Even without using any ideas from probability or distribution theory, it seems compelling that the sample proportion should tell us something about the population proportion. If we have a random sample from the population, the sample is representative of the population in an 'expected' sense. So we should be able to use the sample proportion as an estimate of the population proportion.

Assume that \(X \stackrel{\mathrm{d}}{=} \mathrm{Bi}(n,p)\). We define the **sample proportion** to be \(\hat{P} = \dfrac{X}{n}\). It is a suitable name, because \(\hat{P}\) reflects the proportion in the sample with the characteristic of interest. Once we obtain an actual observation \(x\) of the random variable \(X\), we have an actual observation \(\hat{p} = \dfrac{x}{n}\) of the sample proportion.

As there is a distinction to be made between the random variable \(\hat{P}\) and its corresponding observed value \(\hat{p}\), we refer to the random variable as the **estimator** \(\hat{P}\), and the observed value as the **estimate** \(\hat{p}\); note the use of upper and lower case.

More specifically, the observed value \(\hat{p}\) is referred to as a **point estimate** of \(p\).

#### Example: Survey of voters

Suppose we obtain a random sample of 500 voters, and we find that 227 prefer Labor. The observed sample proportion preferring Labor is \(\frac{227}{500} = 0.454\), and we say that 0.454 is a point estimate of the unknown population proportion preferring Labor.

In this example:

- \(p\) is the proportion of all Australian voters who prefer Labor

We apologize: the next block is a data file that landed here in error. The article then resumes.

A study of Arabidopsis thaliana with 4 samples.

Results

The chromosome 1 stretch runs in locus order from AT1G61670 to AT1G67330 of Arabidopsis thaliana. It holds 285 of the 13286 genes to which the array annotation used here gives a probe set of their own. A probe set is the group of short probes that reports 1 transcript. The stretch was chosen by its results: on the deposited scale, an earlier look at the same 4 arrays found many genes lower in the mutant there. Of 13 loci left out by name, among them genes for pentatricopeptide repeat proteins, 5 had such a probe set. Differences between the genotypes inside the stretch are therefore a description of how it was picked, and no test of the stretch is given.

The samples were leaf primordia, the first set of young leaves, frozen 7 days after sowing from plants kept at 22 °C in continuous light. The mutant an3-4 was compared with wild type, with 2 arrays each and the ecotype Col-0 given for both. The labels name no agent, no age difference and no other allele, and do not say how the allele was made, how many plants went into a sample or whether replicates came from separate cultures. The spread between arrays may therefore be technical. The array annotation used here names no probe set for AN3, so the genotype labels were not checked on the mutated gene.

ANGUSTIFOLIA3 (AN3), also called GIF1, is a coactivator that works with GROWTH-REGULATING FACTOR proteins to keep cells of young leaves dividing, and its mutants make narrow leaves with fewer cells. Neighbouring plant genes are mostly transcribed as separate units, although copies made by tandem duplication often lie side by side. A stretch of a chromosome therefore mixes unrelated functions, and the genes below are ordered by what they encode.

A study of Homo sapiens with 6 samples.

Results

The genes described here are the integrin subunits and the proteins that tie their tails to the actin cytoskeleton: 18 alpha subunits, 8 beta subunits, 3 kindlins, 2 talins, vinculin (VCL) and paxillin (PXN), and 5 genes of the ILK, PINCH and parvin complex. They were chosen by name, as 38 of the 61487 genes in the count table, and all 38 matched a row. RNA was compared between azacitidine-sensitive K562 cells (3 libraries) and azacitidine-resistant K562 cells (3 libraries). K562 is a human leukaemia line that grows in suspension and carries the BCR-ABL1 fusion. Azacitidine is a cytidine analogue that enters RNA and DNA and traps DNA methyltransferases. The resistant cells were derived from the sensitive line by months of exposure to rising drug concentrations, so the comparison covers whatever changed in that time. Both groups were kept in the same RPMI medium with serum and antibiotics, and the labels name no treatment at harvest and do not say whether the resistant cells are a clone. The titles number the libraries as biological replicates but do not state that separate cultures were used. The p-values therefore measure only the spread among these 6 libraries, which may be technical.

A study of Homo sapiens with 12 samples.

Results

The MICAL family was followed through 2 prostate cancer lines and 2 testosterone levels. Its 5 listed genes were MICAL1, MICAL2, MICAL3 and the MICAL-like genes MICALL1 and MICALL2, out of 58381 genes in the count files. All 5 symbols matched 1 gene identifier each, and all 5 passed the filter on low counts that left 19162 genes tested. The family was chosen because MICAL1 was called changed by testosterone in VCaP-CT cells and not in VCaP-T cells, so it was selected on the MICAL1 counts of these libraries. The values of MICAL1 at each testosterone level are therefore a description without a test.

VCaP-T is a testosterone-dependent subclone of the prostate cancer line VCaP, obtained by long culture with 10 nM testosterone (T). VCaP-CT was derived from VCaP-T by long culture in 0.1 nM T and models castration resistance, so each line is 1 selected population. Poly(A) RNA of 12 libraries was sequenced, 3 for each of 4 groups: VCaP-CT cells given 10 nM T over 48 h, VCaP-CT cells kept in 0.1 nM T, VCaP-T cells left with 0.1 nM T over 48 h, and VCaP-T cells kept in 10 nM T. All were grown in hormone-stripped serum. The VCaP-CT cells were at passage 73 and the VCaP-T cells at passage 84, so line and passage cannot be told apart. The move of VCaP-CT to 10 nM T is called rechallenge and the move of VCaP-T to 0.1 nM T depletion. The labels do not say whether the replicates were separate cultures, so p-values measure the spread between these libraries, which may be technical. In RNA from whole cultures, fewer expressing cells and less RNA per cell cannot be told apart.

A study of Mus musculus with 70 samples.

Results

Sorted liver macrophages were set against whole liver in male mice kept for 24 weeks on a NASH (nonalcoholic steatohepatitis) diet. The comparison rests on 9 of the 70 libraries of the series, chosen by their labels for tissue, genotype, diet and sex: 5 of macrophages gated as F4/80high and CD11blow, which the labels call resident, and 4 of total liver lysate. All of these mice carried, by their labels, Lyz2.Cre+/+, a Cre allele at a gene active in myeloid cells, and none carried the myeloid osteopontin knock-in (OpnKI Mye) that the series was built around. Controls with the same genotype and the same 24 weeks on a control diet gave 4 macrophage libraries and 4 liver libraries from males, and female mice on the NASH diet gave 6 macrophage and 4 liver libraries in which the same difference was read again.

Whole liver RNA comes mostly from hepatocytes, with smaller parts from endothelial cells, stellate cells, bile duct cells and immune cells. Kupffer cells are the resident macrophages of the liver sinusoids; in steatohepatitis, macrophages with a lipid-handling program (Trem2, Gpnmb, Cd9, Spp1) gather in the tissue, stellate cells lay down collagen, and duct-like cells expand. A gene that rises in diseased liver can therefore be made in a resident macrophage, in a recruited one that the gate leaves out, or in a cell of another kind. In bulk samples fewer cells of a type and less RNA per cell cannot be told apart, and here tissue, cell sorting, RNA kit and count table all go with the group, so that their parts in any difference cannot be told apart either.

- \(n = 500\) is the sample size
- the random variable \(X\) is the number of voters who prefer Labor in a random sample of 500 voters
- the random variable \(\hat{P} = \frac{X}{500}\) is the proportion of voters who prefer Labor in a random sample of 500 voters
- \(x = 227\) is an observation of \(X\)
- \(\hat{p} = \frac{227}{500} = 0.454\) is the corresponding observation of \(\hat{P}\).

In the previous example, we would be very lucky if the true population proportion turned out to be 0.454. It is much more probable that this value is different from the true population proportion, because samples vary. After all, even when we know the population proportion \(p\), we do not (and should not!) expect the sample proportion to be exactly equal to \(p\). For example, if we toss a fair coin 30 times, then obtaining exactly 15 heads is not guaranteed at all, even if it is one of the more likely outcomes.

This discussion is reminding us that the sample proportion \(\hat{P}\) is actually a random variable; it varies from one sample to the next. In the next section, we explore this important fact in some detail.